Today’s Marvelous New Picture Book is Who Says Women Can’t Be Doctors? The Story of Elizabeth Blackwell written by Tanya Lee Stone and illustrated by Marjorie Priceman. Published in 2013, this newer picture book took me by surprise! While many non-fiction, biographical picture books can contain excessive amounts of facts and dates presented in unappealing ways, this book reads like a narrative! The book does just what it claims in the title: it tells the story of Elizabeth Blackwell, the first female doctor.
The book begins Elizabeth’s story in her childhood, talkingabout her curious personality and early-on rejection of the gender roles of the time (for those non-history buffs out there that’s the 1830s). Stone’s writing style flows beautifully, and she grabs the reader’s attention with this opening address: “You might find this hard to believe, but there was a time when women weren’t allowed to become doctors.” In addition to the engaging nature of the text, the writing also features witty comments and a challenging vocabulary. The vocabulary and content alone make this book an excellent read for any classroom, especially in the upper elementary grades where it is sometimes difficult to find picture books with elevated content and language.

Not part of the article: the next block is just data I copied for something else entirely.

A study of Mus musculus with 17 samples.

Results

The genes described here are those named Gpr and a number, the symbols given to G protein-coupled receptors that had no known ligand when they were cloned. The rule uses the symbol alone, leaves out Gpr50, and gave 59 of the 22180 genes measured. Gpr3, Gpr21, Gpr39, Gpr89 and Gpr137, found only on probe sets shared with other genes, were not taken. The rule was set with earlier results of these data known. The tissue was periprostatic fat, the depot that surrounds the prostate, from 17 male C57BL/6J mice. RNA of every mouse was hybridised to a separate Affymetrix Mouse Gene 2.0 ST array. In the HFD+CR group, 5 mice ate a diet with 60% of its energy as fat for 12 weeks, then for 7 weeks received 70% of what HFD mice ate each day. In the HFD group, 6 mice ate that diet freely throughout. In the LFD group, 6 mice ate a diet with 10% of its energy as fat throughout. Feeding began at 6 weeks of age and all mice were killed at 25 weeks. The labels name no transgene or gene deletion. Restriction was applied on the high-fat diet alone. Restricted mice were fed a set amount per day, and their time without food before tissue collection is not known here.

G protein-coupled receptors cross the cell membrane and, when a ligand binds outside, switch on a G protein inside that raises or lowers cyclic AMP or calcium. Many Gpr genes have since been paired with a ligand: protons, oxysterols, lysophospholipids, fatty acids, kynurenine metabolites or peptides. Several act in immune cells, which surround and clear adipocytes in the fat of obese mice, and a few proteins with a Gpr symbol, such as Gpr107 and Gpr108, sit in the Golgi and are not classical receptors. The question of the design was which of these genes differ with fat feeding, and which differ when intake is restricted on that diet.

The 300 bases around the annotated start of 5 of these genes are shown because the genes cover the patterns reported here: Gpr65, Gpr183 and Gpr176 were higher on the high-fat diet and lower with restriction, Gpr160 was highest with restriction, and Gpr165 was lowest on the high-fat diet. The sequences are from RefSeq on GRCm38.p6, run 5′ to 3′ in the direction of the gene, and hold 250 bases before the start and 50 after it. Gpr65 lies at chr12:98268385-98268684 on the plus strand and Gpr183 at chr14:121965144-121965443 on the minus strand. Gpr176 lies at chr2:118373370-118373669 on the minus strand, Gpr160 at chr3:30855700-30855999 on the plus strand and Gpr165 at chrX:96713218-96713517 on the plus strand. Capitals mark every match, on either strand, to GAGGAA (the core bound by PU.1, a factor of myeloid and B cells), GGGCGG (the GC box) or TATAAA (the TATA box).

The book goes on to tell of Elizabeth’s rejection from 28 different medical schools until she was finally (and some what reluctantly) accepted. Stone is very blunt about the sexist prejudices held by many of the time (both men and women), but she does not let this overshadow Elizabeth’s determination and the support of her husband and friends. Elizabeth’s story is exceedingly well told in a way that children will both enjoy and find interesting. And for additional information, Stone includes a more detailed history of Elizabeth’s life at the end of the book.
Two-time Caldecott recipient Marjorie Priceman’s illustrations in this book are beautiful. The watercolor images are absolutely incredible and flow seamlessly from page to page. The detail on the elaborate dresses of the women in the book is incredible. My favorite image in the text is the one pictured above, where Elizabeth as a child is looking out over the city. Although the content of the book is nonfiction and factual, the illustrations give this book the story-like, imaginative beauty most often associated in fictional picture books. I really appreciate Priceman’s use of illustrations on the book’s end pages and copyright pages as well. All in all, a beautifully illustrated book about a bold woman in history! A must read!
Other historical picture books by Tanya Lee Stone!
Elizabeth Leads the Way: Elizabeth Cady Stanton and the Right to Vote
Sandy’s Circus: A Story about Alexander Calder
The House that Jane Built (A book about Jane Addams coming in June 2015!)